Capturing Heart Rate for Physiological Computing

In the following post I describe some methods and tools for capturing a persons heart rate for the usage in physiological computing/biosensing applications. It represents some of the research I conducted during for my master’s thesis, which deals with technologies providing autonomic feedback. The focus in this case was on simplicity of access in the context of mobile and wearable applications, not maximum preciseness of the data (such as might be a requirement for a laboratory environment or in a medical context). It describes approaches using two widespread methods: ECG/EKG-based and pulse oximetry-based measurements.

ECG/EKG-based methods

The methods described here work through measuring the electric activity of the heart. The most widespread products are ready-made chest belts to monitor heart rate activity. Their functionality usually consists in accurately scanning for R-R peaks in an ECG signal, which is then wireless transmitted as a detected beat. Measurements are not impacted by one’s movements, which is why these devices are especially popular in the sports domain.

Probably the most well-known producer of this kind of sensor is the company Polar, which produces a range of different varieties, for which many tutorials and resources exist in the physical computing community. However, models from many alternative manufacturers are available. The basic working principle is the same mainly differing in transmission technology: Simple low-power radio signals, classical Bluetooth, or Bluetooth LE.

Bluetooth LE is probably the better alternative when connecting to a computer or a smartphone, than the radio-based transmitters, because they require an additional hardware component connected through a microcontroller. However, for purely microcontroller-based projects integrating any form of Bluetooth communication requires more work (and is more expensive) than using the simple radio-based versions, because an additional component is needed (e.g. the Bluefruit LE from Adarfruit, or the Bluetooth Mate Gold from SparkFun). Additionally, radio-based transmission range of the chest belts may be limited to about 1 meter (as is the case for Polar’s T31 model), while the range of BLE should be able to reach up to 100m. Certainly, this does not play a role for the originally intended uses of accessing heart rate information from the belt in other wearables on one’s body, but it poses constraints on some of the more creative applications one may think of. One should consider though that BLE (also known as Bluetooth Smart) is not downwards compatible with Bluetooth classic, and at the moment different labels and designations are used to support the transition phase.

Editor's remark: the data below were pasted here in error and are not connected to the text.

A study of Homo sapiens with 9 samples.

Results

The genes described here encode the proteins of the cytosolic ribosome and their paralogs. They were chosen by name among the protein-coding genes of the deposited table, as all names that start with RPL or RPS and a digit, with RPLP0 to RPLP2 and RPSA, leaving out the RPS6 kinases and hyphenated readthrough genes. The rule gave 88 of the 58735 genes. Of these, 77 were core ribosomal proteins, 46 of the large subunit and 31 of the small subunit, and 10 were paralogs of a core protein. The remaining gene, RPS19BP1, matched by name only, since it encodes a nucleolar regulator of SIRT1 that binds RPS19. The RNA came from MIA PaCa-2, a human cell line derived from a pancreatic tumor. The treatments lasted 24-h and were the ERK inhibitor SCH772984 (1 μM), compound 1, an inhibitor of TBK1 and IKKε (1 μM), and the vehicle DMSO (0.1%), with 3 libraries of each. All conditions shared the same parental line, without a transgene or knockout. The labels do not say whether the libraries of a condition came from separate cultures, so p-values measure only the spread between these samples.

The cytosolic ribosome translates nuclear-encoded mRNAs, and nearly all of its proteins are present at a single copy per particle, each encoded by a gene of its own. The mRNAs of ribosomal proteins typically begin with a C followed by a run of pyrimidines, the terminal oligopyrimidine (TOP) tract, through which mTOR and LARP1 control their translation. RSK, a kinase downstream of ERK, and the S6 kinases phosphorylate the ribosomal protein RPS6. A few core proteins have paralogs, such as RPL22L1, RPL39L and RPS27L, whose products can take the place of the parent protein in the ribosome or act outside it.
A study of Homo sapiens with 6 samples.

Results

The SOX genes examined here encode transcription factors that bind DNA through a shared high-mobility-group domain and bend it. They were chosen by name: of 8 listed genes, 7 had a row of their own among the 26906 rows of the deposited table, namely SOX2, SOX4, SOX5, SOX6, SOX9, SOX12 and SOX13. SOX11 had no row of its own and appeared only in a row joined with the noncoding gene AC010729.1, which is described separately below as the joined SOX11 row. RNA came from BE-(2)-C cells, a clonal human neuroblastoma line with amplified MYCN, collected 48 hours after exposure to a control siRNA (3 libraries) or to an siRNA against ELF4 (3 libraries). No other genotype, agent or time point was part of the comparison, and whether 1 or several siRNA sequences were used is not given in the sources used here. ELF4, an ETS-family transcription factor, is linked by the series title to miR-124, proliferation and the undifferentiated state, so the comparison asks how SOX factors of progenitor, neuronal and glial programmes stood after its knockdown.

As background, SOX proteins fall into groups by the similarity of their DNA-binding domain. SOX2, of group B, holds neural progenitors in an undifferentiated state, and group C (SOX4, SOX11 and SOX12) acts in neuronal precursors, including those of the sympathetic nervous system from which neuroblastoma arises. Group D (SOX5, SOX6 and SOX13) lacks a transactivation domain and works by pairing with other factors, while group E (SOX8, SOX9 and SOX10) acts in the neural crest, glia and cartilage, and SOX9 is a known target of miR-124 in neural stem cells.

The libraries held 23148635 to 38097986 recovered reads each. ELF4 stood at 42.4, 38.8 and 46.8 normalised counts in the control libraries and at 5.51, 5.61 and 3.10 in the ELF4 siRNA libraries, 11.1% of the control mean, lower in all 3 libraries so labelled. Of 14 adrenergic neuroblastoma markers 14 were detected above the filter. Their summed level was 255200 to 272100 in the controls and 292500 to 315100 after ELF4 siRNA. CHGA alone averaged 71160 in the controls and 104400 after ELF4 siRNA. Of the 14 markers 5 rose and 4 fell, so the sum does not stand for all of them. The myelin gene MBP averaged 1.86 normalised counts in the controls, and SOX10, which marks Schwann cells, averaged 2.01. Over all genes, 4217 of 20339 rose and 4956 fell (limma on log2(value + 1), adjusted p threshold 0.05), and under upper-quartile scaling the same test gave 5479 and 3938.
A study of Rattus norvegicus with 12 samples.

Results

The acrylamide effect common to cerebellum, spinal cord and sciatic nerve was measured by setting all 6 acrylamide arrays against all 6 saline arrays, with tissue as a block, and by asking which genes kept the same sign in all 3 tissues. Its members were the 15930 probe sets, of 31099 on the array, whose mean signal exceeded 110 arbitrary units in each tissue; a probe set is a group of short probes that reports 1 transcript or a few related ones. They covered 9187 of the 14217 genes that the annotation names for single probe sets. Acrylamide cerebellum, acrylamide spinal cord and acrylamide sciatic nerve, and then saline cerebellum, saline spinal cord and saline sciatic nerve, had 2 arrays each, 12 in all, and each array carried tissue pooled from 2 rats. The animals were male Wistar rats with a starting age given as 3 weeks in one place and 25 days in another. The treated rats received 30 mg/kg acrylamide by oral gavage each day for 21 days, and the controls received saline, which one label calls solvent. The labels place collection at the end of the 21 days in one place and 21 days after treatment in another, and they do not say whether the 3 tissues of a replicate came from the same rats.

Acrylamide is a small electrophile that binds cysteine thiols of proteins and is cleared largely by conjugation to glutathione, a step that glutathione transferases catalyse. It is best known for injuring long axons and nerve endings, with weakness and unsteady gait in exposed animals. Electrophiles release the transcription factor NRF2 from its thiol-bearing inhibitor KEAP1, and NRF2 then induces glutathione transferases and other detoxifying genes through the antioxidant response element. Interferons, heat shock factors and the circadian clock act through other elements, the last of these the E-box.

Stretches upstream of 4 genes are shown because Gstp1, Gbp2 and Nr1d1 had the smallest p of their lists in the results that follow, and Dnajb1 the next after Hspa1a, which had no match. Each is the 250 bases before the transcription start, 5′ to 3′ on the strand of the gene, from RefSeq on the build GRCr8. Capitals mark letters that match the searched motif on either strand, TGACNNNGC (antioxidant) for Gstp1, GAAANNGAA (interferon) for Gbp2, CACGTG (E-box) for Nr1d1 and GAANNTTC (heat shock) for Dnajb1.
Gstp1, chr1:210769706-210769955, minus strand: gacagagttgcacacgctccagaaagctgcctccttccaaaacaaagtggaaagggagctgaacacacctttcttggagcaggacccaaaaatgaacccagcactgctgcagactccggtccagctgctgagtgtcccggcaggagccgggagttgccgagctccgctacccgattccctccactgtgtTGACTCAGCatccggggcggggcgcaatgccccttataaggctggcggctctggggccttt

The table below summarizes my findings, grouped according to the different transmission technologies used. It does not provide a complete list, but all the models listed here should be reasonably easy to integrate into any physical computing- or smart phone-project.

Transmission technology
Models
Radio transmission
Bluetooth
BLE/Bluetooth Smart

An alternative to using commercial ECG/EKG sensors is to simply create your own sensor from scratch. I have not tested this myself, but it seems a viable alternative to the commercial products in terms of accuracy, especially considering the costs. A starting point provides this description of Scott Harden’s DIY ECG/EKG project. While this solution on its own is not portable, it should not be too hard to couple it with a smart phone (since it is sending data through an 3.5mm audio jack) or connect it directly to an Arduino or other microcontroller.

 

Pulse oximetry-based methods

Another method of measuring pulse is through using the same mechanism that a pulse oximeter uses. The basic technique relies on the fact that the oxygen level inside the bloodstream varies in relation to the beating of the heart. To measure these fluctuations, light is sent inside a thin body part, typically the finger or the earlobe, and the amount reflecting back is registered, giving an indication of oxygen saturation. A good explanation of the principle can be found here.

This technology seems fairly easy to implement using DIY as can be seen in this attempt at building a home-brew version of an actual oximeter, or the instructions given in the video below by Make Magazine to access heart rate.

There is also an open-source ready made sensor fully compatible with Arduino for sale. I have tested this one out for myself and it is really simple to use, working straight out of the box.

In a similar fashion, it is possible to use this approach on most smart phones, utilizing only the on-board hardware, i.e. the camera and flash. Helpful resources that I have stumbled upon include an open source implementation on Android and a very detailed explanation of the technique by Ignacio Mellado on his blog.

The major downside to measuring HR in this fashion is that its results can be quite unreliable when compared to ECG/EKG. Since it is dependent on lighting conditions, it is sensitive to movement of the finger or the sensor as well. Unfortunately, this makes it less suited for wearable devices or constant monitoring during activities, and more useful in  situations where a subject remains seated or at lest in some form of stable position.